In the wild, the ability to hear is so important for survival that no deaf vertebrate species are known to exist. In addition to producing sounds for communication, animals continuously detect sounds, even when they are asleep. Losing the ability to hear those sounds because of inappropriate or excessive noise can have serious consequences. It may mean missing the footfall of a predator or failure to adequately compare songs from potential mates. Appropriate soundscapes are important for animal communication, territory establishment, courtship and mating, nurturing young, and effective use of habitat. Scientific studies have shown that wildlife can be adversely affected by high levels of noise. Although the severity of the impacts varies depending on the species being studied and other conditions, research has found that wildlife can suffer adverse physiological and behavioral changes from noise and other human disturbances.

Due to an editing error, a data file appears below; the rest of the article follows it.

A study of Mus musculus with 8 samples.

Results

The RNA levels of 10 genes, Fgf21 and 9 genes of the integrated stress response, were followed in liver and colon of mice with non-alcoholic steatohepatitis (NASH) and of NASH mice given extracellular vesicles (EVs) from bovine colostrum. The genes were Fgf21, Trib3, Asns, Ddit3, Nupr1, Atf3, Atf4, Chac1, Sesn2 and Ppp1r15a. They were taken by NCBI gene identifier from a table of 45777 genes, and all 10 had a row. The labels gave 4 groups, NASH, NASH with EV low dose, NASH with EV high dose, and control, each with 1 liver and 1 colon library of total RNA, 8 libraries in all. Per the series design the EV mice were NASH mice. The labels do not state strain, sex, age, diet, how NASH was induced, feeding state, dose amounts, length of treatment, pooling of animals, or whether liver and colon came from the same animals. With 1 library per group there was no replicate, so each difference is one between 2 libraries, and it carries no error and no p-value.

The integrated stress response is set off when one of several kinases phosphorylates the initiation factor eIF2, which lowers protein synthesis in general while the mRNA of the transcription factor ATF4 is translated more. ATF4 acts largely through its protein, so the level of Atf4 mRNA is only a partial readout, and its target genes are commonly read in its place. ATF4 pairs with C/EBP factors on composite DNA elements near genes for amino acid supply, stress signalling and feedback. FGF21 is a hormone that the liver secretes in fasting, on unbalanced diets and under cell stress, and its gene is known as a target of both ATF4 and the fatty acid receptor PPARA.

- Noise has been associated with suppression of the immune system and increased levels of stress-related hormones in animals.
- Studies have shown that songbirds living in noisy places have to sing louder than birds in quieter environments. Birds forced to sing at a higher volume have to expend increased levels of precious energy to attract a mate or warn of predators.
- Bighorn sheep are less efficient at foraging for food when they are exposed to aircraft noise, and mountain goats often flee from the sound of helicopters and airplanes.
- Research has demonstrated that noise can adversely affect reproductive success in caribou and communication in whales.
When these effects are combined with the other sources of stress experienced by wildlife such as winter weather, disease, insect harassment, and food shortages, noise can have important implications for the health and vitality of wildlife populations within a park. By protecting the integrity of park soundscapes, creatures big and small have a better chance of reproduction and survival in the wild.